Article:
February 24, 2014
Why I Have A Blog, A Facebook Page, And A Twitter Account
People often accuse me of being hypocritical. They say I am constantly whining about online advertising yet I have all the online gizmos.
They say, "If social media is not an effective business driver, why do you have a blog, a Facebook page and a Twitter feed?"
Or, "If online advertising isn't a very good business driver, why do you have a website?"
The answer is, there are certain costs associated with being in business. You need business cards, you need a sign over the door, and you need office furniture. These items do not create much in the way of sales but are essential to doing business.
Online presence has become one of these.
Those of us who were around in the middle 90's can remember when having a website was thought to be the magical road to success. Some companies that announced they were launching a website actually saw their stock prices increase. Today, a company launching a website is greeted with as much excitement as announcing they are painting the break room.
With the exception of online retailers, having a website today is understood to offer a business advantage of pretty close to zero. And yet every company has one. Why? It is a cost of doing business.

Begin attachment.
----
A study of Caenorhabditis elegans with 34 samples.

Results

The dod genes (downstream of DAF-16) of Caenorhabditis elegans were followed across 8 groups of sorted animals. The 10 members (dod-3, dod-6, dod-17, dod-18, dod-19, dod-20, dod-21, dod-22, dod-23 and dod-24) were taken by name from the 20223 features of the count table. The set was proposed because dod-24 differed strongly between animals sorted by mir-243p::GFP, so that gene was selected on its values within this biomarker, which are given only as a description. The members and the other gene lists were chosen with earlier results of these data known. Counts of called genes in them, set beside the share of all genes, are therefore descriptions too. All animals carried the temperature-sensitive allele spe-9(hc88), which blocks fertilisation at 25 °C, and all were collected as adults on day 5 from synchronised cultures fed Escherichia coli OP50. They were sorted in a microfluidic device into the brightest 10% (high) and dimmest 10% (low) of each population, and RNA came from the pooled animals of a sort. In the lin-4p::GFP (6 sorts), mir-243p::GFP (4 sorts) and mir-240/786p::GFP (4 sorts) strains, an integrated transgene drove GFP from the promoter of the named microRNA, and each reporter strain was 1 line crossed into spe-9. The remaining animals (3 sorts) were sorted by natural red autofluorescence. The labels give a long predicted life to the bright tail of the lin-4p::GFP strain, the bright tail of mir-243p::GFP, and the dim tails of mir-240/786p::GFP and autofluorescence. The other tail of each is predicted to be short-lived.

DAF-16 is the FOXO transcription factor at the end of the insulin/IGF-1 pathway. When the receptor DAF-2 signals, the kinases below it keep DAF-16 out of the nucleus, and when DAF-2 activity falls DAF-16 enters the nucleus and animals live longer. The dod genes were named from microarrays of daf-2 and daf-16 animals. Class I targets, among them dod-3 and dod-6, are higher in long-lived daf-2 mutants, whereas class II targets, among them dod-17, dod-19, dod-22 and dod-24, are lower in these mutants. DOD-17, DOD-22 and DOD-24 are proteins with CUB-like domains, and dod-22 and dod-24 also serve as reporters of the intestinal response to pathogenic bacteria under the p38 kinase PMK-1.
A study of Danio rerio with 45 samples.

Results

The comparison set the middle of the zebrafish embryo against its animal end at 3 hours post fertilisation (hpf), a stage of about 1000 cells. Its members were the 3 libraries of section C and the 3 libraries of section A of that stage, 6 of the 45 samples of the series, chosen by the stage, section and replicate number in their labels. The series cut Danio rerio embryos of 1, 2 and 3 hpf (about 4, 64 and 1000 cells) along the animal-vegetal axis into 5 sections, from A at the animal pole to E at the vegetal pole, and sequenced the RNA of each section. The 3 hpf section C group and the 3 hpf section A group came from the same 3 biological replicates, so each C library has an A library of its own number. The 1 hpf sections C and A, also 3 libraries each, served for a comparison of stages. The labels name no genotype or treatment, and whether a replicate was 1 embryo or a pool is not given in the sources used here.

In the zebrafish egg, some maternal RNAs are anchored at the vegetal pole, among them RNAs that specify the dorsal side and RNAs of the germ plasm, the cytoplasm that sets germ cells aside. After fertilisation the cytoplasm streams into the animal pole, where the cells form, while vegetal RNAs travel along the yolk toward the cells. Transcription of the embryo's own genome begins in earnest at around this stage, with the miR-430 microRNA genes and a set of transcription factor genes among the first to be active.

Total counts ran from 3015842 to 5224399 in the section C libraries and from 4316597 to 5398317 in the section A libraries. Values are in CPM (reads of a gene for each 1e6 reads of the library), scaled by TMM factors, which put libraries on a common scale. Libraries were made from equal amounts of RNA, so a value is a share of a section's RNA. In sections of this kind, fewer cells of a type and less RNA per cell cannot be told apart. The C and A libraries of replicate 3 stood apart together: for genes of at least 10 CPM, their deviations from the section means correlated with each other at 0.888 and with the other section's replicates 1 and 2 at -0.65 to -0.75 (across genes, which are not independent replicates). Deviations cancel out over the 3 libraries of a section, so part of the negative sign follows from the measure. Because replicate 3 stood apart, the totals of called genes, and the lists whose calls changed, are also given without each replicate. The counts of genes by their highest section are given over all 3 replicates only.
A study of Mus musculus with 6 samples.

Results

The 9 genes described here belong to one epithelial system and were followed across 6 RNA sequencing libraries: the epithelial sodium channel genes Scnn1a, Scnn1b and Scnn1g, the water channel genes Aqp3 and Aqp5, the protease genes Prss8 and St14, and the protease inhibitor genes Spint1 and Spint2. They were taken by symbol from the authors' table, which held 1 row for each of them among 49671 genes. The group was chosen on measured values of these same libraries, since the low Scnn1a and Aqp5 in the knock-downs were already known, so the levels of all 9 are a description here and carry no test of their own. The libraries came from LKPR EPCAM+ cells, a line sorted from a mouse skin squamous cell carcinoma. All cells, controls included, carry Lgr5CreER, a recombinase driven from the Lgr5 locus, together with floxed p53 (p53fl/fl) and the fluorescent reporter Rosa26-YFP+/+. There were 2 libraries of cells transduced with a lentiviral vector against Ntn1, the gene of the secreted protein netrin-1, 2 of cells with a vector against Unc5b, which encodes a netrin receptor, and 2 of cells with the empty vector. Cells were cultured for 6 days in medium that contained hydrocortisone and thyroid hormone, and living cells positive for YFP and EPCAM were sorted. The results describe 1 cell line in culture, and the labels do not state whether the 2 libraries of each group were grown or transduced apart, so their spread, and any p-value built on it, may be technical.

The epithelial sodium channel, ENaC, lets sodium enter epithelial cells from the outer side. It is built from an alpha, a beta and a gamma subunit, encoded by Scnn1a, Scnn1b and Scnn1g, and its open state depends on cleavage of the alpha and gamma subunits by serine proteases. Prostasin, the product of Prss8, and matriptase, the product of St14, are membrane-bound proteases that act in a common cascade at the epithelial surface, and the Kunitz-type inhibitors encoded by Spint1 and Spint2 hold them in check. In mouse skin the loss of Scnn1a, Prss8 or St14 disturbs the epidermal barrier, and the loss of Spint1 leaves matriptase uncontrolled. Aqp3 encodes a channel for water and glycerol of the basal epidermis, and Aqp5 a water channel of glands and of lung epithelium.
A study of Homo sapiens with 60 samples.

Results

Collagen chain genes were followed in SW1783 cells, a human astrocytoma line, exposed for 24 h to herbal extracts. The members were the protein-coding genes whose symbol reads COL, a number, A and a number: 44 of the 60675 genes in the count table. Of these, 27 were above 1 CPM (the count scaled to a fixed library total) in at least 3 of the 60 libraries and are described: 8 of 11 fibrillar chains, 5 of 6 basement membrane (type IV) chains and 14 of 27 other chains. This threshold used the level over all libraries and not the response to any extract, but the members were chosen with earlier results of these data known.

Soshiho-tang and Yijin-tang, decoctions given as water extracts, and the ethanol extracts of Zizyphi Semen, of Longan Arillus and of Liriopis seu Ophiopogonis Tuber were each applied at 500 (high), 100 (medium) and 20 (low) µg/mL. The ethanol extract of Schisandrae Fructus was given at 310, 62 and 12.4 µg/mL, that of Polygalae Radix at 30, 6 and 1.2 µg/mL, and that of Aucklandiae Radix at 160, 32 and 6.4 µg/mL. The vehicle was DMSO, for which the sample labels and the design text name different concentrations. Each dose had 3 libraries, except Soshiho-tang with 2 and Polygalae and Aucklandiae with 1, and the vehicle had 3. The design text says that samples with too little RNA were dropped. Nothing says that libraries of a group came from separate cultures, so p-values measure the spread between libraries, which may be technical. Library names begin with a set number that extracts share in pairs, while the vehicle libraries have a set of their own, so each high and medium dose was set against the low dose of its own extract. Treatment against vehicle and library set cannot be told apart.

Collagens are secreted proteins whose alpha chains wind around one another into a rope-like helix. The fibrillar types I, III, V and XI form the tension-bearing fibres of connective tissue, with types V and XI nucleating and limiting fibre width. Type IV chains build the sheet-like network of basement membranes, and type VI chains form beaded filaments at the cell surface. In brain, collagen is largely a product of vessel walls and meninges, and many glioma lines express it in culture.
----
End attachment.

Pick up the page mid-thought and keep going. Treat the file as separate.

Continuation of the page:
The same is true of social media. Five years ago every company in the world was rushing headlong into social media with the expectation that magic would ensue. In fact, while there have been a handful of notable successes, the advantages that social media offered most companies were small if at all, and have continued to provide diminishing returns as every company, every organization, and every individual on the planet now has some kind of social media presence.
It has become clear that a Facebook page or a blog is not the fabulous sales driver we were all promised. It's not much more than an online business card.
Adopting a technological innovation does not necessarily lead to a marketing advantage. Often times it just represents a new cost of doing business.
A perfect example is the telephone. When first introduced, having a telephone must have seemed to be a remarkable business advantage. But as every business quickly acquired one, having one provided no business advantage at all. It just became a new cost.
Just like traditional advertising, it's pretty hard for most businesses to draw a straight line between a website, a Facebook page, or a Twitter feed, and sales results.
You don't have them because they are the magic that all the bullshit artists promised.
You have them for the same reason you have a business card -- because you kinda have to.